Conversation

26 October 2007

Radical Democracy, Art and Spaces of Conflict

While the neoliberal, economy-driven democratic regime seems to maintain the order of things through the production of emergency and mass consensus, art, too, risks being coopted in the service of reinforcing that consensus policy. In the face of this, BAVO pleads for a “wild” or “crazy” artistic gesture that would disrupt the authorized and constricted line of thought and horizon of imagination in our post-socialist age. Artist Thomas Hirschhorn’s 2004 project Swiss-Swiss Democracy is one particularly daring and constructive example of such a gesture. Held at the Swiss Cultural Centre in Paris, the project responded to the success of the neoconservative party in Swiss elections, questioning the state of democracy in the country by means of Hirschhorn’s unique artistic language—a complex installation/construction of cardboard, foil, duct tape, found objects, images and clippings from the printed media and graffiti-like statements as well as a theater play and lecture series. Swiss-Swiss Democracy caused an uproar among Swiss politicians, leading, among other things, to cuts in the budget of Pro Helvetia, a state foundation for visual art that had supported the project. Given projects such as this, which take place in the so-called public sphere and generate active debate and contestation, could one argue that the core of the radical potentiality of art lies in disrupting the established order and creating a space for conflict? Following an introduction by BAVO and lecture/presentation by Thomas Hirschhorn, Marcus Steinweg, a philosopher and writer who has often collaborated with Hirschhorn (on projects including Swiss-Swiss Democracy), elaborates upon and critiques this question about the political relevance of art and engages in a discussion with the audience.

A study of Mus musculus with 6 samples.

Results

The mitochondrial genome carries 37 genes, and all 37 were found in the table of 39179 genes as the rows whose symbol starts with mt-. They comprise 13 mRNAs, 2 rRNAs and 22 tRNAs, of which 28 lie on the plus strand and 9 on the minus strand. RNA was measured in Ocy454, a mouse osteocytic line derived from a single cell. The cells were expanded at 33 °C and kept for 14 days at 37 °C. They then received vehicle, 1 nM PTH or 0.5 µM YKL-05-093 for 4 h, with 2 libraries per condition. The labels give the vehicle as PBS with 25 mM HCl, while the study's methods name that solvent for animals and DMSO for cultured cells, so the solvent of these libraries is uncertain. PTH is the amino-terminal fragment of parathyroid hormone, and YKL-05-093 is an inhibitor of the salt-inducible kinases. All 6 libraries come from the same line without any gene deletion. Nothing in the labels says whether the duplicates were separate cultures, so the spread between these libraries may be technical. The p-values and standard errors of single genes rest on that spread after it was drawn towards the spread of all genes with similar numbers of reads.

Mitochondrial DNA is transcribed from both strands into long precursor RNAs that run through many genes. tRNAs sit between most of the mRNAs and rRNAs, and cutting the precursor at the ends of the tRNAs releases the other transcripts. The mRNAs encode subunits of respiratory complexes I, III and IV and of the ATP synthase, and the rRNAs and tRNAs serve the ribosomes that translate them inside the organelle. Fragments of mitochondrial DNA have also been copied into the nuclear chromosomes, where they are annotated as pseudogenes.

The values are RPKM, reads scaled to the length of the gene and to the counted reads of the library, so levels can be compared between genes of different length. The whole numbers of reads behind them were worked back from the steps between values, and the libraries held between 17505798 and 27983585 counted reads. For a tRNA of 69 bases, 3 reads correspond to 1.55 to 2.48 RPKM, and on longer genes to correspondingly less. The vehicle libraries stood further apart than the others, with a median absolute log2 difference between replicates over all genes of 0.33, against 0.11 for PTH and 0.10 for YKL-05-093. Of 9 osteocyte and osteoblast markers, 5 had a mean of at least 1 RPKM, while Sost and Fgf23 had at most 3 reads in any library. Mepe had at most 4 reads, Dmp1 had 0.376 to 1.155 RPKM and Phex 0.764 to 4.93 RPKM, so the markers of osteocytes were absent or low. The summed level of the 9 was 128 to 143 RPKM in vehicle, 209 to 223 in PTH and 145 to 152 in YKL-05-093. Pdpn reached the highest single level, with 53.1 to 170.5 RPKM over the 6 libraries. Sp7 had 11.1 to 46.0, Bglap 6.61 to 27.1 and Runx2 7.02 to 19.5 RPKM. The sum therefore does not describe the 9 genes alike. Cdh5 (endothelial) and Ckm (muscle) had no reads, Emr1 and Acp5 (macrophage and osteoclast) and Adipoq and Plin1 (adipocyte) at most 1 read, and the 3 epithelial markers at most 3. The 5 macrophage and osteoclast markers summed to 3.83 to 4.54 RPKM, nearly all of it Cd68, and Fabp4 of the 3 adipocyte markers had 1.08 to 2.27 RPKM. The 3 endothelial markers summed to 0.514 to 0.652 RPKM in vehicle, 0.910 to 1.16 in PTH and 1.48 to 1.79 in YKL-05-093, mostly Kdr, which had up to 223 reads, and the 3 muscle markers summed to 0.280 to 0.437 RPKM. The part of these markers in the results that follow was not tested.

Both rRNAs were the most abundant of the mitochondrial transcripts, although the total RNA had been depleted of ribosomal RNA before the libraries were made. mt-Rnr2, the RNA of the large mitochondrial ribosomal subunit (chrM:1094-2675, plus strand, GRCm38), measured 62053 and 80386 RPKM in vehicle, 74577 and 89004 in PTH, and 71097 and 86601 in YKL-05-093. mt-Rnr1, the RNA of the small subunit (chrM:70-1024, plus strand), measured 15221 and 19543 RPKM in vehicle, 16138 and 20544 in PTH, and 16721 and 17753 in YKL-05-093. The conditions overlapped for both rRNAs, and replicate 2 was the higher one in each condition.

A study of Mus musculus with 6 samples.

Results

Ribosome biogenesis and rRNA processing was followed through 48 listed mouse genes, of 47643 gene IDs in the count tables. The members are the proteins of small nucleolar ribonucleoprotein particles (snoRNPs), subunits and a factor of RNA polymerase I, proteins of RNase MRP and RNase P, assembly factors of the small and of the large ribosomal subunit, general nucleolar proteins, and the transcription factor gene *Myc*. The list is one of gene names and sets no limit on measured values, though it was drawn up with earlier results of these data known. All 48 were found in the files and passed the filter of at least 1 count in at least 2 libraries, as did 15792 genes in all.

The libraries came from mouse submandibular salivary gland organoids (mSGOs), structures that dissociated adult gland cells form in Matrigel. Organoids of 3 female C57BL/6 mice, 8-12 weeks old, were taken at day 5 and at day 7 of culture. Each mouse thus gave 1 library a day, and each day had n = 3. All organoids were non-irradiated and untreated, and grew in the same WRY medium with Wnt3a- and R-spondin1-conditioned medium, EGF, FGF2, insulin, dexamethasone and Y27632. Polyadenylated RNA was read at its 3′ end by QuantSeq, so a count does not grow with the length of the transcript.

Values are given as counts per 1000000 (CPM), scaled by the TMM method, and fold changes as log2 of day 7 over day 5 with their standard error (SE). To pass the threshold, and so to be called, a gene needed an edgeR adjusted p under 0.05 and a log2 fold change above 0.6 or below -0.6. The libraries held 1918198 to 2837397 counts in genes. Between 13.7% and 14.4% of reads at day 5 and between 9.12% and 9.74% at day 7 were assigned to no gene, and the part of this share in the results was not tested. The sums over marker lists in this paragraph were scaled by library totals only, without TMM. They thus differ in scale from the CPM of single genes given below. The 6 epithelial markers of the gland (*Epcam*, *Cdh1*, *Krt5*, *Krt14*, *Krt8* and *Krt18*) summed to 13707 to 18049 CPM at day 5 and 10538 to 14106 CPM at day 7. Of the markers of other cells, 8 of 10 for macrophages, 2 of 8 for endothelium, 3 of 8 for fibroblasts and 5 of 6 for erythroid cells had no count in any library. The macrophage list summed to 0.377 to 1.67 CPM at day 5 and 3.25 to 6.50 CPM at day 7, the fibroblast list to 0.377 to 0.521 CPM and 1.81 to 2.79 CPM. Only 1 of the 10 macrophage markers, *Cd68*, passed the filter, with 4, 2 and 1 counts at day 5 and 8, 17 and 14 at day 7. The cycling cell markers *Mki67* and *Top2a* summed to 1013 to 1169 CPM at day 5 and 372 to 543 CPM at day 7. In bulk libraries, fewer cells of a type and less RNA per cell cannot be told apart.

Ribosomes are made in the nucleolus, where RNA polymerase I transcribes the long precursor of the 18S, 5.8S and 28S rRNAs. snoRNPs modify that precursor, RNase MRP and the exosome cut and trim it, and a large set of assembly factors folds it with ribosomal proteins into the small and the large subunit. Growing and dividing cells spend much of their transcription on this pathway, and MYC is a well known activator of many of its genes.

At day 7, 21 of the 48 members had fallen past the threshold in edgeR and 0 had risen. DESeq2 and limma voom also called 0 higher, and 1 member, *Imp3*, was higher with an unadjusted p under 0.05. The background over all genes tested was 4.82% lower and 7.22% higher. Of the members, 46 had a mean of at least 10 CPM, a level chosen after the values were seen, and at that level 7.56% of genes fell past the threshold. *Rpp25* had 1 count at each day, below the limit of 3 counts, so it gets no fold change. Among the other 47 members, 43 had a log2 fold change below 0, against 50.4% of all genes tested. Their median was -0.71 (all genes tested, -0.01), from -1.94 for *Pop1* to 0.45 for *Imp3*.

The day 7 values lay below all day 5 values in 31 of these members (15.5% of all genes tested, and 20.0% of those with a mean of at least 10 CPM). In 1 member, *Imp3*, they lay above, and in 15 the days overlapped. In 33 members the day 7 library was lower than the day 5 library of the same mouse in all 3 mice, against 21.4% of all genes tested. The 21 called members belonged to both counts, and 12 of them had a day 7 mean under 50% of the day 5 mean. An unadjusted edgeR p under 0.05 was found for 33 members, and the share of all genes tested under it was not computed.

Suggestions from the archive

Exhibition

31 October–31 December 2004

Cordially Invited, episode 3

Cordially Invited examines the issue of hospitality in relation to a topic of major global, political, and moral consequence today: migration. The project explores these issues through the notion of a cordial invitation, understood here as a symbolic tool which can be used to negotiate between two imaginary, unattainable ideals: the unrestricted right to move across political and economic boundaries, and the unqualified acceptance such rights imply.

Exhibition

Lecture

Lecture

Lecture

Lecture

Lecture

Lecture Program

12 November–17 December 2005

Undercurrents

Undercurrents is a dynamic, informal forum for reflection about what is behind the contemporary state of warfare. It is developed as an equal parallel to the exhibition Soft Target. War as a Daily, First-Hand Reality.

Summer School

22-26 July 2019

BAK Summer School: Art as Politics

BAK Summer School: Art as Politics brings together those involved in arts, academia, and social action to collectively think through, learn about, and imagine critical, politically-informed artistic practices that grasp and influence our dramatically changing times. Deadline for applications: 1 May 2019.

Lecture

Education Program

11 March–15 April 2019

Course: Art and Politics

The basic course of the BAK School for Art and Politics is organized from 11 March until 15 April 2019. In six weekly sessions, the participants learn about how contemporary art relates to the political in an accessible way. The course is taught by Maria Hlavajova, BAK’s general and artistic director.